Mating types regulate fusion (syngamy) between gametes or haploid structures that function as gametes. Only gametes with different mating types can fuse, analogous to self-incompatibility systems in angiosperm plants and corals (Charlesworth, 1994; Idnurm et al., 2008). In some species, individuals produce gametes that are all compatible (homothallism), whereas in other species individuals produce gametes that are only compatible with gametes of a different mating type and not with gametes of the same mating type (heterothallism). Homothallism is most common in the Zygomycota and Ascomycota (Lin & Heitman, 2007). Almost all heterothallic ascomycetes have a system with two different mating types, which usually implies that each individual is compatible with half the population (if both mating types occur in equal frequencies, which is the case whenever sexual reproduction occurs frequently). Many Basidiomycota (especially the mushroom-forming ones; Kües et al., 2011), some Physarum species (Collins, 1975) and at least one ascomycete Gibberella cingulata (Cisar & TeBeest, 1999) have a system with more than two, sometimes up to hundreds, different mating types (see also ‘Sexual Selection in Mushroom Fungi’ in the main text). In a population with many mating types, gametes are compatible with almost all unrelated gametes in a population.
Fungal mating types are genetically defined. At the mating-type locus, one or often multiple tightly linked genes are encoded. In ascomycetes, the genes of the two mating types are not homologous and are therefore referred to as idiomorphs (Metzenberg & Glass, 1990). Depending on the species, the genes at the mating-type loci can both regulate functions that operate during mating such as extracellular signalling (Kothe, 2008; Raudaskoski & Kothe, 2010), cell fusion (Glass et al., 2000; Fraser et al., 2007), inheritance of cytoplasmic genes (Yan & Xu, 2003) and establishment of a diploid or heterokaryotic individual (Crowe, 1963; Fraser et al., 2007) and after zygote formation, for instance in regulating cell division (Raper, 1985), sexual reproduction (Van Heeckeren et al., 1998) and virulence (Kwon-Chung et al., 1992) (for an extensive overview of the known molecular mechanisms see Heitman et al., 2007). Basidiomycetes have evolved a unique bifactorial mating-type system with two unlinked mating-type loci, which both have to be different for successful mating to occur (Raper, 1966; James et al., 2006). Different groups within the basidiomycetes have reversed to a unifactorial system, either by losing one of the mating-type loci or by recombination causing linkage between the two loci (Kües et al., 2011).
Inter- and intra-mating-type sexual selection
In sexually reproducing populations, the mating types are expected to be at equal frequencies. Using the same reasoning that predicts equal investment in the sexes (Fisher, 1958), we can predict that negative frequency–dependent selection will select for equal investment in the different mating types (May et al., 1999). However, in contrast to the different sexes, there are no inherent differences between different mating types in investment in gametes, so that an innate asymmetry as present between the sexes is unlikely. Therefore, equal investment in mating types also means equal frequencies of mating types. This is the case for species with two mating types and also for species with multiple mating types. Only when events of sexual reproduction are separated by long stages of vegetative growth or many rounds of asexual reproduction, and one mating type has a higher asexual growth rate, increased virulence or reduced mortality, systematic skews will be possible in the mating-type ratio.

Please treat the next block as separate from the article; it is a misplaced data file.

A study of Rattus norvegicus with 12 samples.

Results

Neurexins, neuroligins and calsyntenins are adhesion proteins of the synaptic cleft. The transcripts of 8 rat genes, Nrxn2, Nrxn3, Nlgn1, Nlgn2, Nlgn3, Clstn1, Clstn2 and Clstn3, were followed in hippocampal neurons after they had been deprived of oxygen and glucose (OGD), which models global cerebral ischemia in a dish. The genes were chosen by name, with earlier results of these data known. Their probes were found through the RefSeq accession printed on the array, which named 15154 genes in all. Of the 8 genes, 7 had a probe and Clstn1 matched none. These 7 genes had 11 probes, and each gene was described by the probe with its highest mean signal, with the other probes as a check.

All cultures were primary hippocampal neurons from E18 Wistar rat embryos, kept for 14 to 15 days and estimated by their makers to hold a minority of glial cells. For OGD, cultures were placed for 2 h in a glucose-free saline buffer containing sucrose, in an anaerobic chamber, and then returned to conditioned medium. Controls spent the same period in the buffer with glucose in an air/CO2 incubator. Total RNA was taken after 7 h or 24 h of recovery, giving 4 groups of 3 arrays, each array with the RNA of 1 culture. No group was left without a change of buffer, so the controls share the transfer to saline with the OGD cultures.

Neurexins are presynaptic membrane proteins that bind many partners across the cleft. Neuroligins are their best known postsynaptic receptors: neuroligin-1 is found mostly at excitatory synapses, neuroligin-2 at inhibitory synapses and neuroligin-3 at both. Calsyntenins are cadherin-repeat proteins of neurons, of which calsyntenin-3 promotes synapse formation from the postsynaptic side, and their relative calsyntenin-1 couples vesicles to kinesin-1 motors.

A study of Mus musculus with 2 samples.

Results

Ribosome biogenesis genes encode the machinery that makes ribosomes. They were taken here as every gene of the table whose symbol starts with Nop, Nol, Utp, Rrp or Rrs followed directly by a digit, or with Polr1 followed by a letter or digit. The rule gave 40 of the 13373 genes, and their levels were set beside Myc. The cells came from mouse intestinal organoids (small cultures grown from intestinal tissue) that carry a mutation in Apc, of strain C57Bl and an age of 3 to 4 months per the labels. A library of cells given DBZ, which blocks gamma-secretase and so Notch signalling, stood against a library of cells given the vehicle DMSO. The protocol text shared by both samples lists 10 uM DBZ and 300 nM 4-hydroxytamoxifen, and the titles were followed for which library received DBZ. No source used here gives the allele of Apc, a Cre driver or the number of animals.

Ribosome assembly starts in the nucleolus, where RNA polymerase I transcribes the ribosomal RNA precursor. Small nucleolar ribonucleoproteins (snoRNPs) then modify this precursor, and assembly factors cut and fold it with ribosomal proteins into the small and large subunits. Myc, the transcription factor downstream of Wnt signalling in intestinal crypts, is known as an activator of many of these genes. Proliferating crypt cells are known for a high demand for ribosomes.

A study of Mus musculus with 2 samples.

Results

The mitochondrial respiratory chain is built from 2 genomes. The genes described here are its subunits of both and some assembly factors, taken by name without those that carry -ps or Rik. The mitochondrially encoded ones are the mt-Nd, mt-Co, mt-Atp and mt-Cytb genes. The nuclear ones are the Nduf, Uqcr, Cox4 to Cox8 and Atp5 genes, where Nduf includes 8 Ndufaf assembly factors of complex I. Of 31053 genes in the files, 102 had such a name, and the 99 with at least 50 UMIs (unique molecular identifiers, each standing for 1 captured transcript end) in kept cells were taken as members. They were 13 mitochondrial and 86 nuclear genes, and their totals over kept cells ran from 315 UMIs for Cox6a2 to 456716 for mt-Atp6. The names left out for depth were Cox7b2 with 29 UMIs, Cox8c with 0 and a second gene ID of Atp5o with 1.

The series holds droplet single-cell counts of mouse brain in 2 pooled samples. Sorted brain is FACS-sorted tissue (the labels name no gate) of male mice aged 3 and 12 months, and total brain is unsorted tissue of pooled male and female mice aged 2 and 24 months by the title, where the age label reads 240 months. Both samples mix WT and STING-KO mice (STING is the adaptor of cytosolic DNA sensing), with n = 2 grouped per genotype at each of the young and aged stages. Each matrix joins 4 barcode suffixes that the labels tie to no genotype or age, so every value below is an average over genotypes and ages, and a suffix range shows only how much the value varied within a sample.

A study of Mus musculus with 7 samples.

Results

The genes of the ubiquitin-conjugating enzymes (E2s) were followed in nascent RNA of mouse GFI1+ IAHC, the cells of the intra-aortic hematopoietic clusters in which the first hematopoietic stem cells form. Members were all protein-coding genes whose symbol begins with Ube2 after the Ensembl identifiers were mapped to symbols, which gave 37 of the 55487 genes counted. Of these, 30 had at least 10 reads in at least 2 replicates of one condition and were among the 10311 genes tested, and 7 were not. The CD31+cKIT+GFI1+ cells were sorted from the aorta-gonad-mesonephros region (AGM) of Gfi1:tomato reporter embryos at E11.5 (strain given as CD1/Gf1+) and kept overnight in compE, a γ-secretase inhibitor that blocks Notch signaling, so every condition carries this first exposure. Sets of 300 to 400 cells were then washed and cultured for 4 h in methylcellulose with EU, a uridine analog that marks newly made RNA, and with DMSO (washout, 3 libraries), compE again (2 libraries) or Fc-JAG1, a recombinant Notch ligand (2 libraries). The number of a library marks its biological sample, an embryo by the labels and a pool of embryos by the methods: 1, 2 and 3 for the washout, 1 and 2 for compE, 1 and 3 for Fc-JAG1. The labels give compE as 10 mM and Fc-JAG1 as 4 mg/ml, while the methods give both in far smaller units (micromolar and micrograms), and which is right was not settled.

In many species of basidiomycetes, more than two mating-type alleles are present (Kües et al., 2011). Due to negative frequency–dependent selection, all alleles in a well-mixed population are expected to have equal ratios (1/n for n alleles), because more common alleles have a reduced population level compatibility. If mating occurs randomly, each mating-type allele will then obtain 1/n of the matings. A mating-type allele that is more successful in conquering gametes than other mating types can increase in the population to a higher frequency than 1/n. Competition in this situation will be between the different mating types. Even though this is a clear example of sexual selection, because fitness is increased solely by increasing the number of mates obtained, this case does not comply to the definition by Jennions & Kokko (2010) as given in the main text. According to the general definition, sexual selection occurs among the members within one class (i.e. within one sex or one mating type), but in this special form of sexual selection, it occurs between classes at the level of the whole population. An example of this specific case occurs in basidiomycetes as discussed in ‘Sexual Selection in Mushroom Fungi’ in the main text.